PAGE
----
We’re going to Kiama… bienvenido a Kiama!!

We had spent the last few months cooped up in the big smoke that was Sydney, so much so that our ‘Country Mouse’ urges were crying out for some outdoor stimulus. With a free weekend coming up we agreed that we would leave the city behind for a few nights.

About two months prior to this we had gone down to Melbourne to meet up with old friends passing through – Ollie and Neem. That same weekend a bunch of our Sydney friends had gone to a place called Kiama for a music festival. With that name fresh in our memories and not hearing terrible tales about it we decided to check it out.

After work on the Friday evening we jumped on the train at Town Hall and began a 2 hour excursion to Kiama. Situated 120km south of Sydney our journey brought us past Botany Bay, the Royal National Park and Woollahra with some stunning sea views from the windows of our carriage.

Karen had found us an AirBnb room for the weekend and the owner had kindly agreed to pick us up from the train station in Kiama.  He was a very nice chap and soon enough he was showing us around our little apartment that he had created on the annex of his house – as well as providing us with bread, milk, butter and even asking if we wanted scones the next day. What a host!

The countryside in Australia means that everything is shut from around 8pm onwards so we travelled to Kiama armed with steaks for the BBQ. To build up an appetite we decided to walk around to the headland of Kiama Town along the coastal path, the fading light of the Kiama Lighthouse to guide us by.

When we got back to the apartment we received what can only be described as a real live version of ‘A Bug’s Life’ as we were ‘assaulted’ by numerous beetles! Oh the countryside!

The next morning we set off into Kiama Town Center.In the Aboriginal language Kiama is derived from the word ‘kiarama’ – which translates as the place where the sea makes a noise. Which is fitting as the main attraction here is the Kiama Blowhole. On it’s best days like below, it can shoot up to almost 25 metres.

Thar She Blows!

Thar She Blows!

But not today 😦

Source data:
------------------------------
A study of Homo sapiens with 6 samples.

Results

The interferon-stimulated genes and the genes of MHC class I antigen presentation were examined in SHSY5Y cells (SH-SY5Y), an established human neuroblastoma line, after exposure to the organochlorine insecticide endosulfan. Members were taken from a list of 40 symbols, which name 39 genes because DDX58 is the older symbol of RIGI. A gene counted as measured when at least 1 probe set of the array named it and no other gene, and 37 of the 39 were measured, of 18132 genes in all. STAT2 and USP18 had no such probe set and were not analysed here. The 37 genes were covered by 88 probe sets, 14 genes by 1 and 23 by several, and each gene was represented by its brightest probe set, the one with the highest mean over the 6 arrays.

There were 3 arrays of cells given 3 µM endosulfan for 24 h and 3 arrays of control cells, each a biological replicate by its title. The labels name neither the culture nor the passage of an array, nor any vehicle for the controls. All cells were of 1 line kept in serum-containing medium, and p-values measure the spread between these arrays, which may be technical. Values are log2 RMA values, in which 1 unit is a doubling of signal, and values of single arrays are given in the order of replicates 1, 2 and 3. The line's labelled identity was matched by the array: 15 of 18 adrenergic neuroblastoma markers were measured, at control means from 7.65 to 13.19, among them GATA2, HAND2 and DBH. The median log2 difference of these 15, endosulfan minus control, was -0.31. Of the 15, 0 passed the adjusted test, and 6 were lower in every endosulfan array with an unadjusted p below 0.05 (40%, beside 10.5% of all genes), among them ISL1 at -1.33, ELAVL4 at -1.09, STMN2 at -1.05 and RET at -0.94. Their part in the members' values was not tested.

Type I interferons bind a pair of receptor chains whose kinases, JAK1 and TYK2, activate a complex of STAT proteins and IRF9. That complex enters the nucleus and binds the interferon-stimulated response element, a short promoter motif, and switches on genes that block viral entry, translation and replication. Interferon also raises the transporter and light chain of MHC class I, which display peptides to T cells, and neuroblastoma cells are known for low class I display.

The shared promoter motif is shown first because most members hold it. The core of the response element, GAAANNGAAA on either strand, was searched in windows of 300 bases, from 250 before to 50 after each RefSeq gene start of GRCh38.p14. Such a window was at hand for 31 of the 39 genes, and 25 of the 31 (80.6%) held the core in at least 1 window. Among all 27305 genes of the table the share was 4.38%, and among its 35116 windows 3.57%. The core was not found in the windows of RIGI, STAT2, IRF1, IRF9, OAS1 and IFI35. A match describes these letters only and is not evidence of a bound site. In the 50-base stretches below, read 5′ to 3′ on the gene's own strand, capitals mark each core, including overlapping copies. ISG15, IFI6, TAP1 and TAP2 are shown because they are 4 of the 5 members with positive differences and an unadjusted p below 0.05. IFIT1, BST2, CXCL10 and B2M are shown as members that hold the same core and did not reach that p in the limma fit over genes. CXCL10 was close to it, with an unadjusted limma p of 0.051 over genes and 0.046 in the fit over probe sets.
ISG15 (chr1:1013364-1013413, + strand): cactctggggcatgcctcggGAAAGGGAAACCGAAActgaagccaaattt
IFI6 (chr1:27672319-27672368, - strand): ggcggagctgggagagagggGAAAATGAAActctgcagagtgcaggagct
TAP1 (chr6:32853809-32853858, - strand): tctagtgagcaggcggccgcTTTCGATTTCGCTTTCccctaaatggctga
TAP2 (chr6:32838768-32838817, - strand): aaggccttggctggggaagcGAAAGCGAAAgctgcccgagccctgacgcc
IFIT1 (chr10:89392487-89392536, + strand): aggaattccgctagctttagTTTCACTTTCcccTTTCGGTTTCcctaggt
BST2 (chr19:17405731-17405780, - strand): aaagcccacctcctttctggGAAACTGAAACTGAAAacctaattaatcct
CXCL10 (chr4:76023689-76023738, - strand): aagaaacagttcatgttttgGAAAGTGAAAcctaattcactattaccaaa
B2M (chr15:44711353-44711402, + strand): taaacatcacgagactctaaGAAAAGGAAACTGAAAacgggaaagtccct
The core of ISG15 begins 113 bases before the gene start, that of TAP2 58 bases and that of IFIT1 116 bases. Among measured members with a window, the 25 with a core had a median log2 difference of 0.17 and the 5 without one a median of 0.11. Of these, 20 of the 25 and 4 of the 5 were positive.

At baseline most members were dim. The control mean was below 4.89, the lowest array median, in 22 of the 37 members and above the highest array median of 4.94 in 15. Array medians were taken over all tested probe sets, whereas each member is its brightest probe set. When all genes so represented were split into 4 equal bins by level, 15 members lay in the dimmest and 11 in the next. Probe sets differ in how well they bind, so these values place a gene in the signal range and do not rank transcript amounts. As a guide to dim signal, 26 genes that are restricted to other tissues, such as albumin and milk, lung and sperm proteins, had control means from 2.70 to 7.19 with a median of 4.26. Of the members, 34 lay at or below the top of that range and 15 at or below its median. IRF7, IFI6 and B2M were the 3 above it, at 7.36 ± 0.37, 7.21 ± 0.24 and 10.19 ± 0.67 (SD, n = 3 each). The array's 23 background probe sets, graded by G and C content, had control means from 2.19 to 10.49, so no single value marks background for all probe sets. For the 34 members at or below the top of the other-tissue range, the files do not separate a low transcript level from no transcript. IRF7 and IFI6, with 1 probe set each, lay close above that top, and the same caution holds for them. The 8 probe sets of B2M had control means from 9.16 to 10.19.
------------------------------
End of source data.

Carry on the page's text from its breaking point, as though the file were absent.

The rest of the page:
On our way to the blowhole we passed the local War Memorial – this time an Arch and also some local market to get to the blowhole.

With the local attraction done, Karen had the idea to walk to Gerringong, which according to her research was

just a simple coastal stroll along some paved paths

Fact: The Route is a Moderate (Class 4) with the following guidance:

There is no formed track and visitors need to exercise extreme caution near steep slopes and cliff edges. Children should be supervised at all times. Please note that Werri Lagoon is sometimes open to the sea. At such times the walk will be closed at Werri Lagoon.

Add to that we were advised to watch out for (In no particular order):

  • Rockfalls
  • Wild Sea Eagles (Think Father Jack and his glasses!)
  • No Toilet Facilities
  • High Winds
  • Potential flooding in areas

With the Blowhole and the main strip of Kiama explored – we had no choice but to embark on the ‘stroll’. Armed with a smartphone and bottle of water each we soon overtook an army of Boy Scouts with more equipment than the German Alpine Corps. But you do not need anything to enjoy scenery like this…

 

 

The Kiama walkway is flanked on either end by a pair of Aboriginal Dreaming Poles that were erected to promote the
Wodi Wodi,Dharawal South Coast culture and heritage. It was so great to see the second pair of poles as this marked the end of an amazing, but
tiring, 15km hike.

We had arrived in Gerringong. A small town that owed it’s existence to its rich volcanic and rain swept soil – quite unique in Australia before a huge boom in population due to the construction of Basalt Quarries.

An interesting aspect of this is that a huge number of families from Northern Ireland, in what could be considered an early version of a ‘Chain Migration’, that migrated to work in those quarries. I guess they would have been experts considering the geological similarities to the Giant’s Causeway.

Gerringong is also the site of first flight from Australia to New Zealand by Sir Charles Kingford Smith in 1933. (Sydney airport is named after him!!)

Most appropriately for us, Gerringong is the home of some great ice-cream.

23626600170_6d6765143c_z

With about an hour to wait until our return train ride we worked out that we could do a 20 minute visit to nearby Berry – a cute inland town where everything was named after it. Berry Hotel, Berry Inn, Berry Station, Berry Chocolate Shop.  (I wonder if the only music they listen to is Chuck Berry!)

What a great day out. The only way to finish this day was to have some Japanese food. Luckily Kiama was able to provide…

Day 2 – Second bite of the cherry!

We took our time getting back to Sydney – starting with a short trip northbound to see Cathedral Rock.

Before spending the afternoon swimming in the Minnamura River and soaking up the rays.

Then it was a short-ish train ride back to Sydney and normality. Not a bad way to spend a random weekend.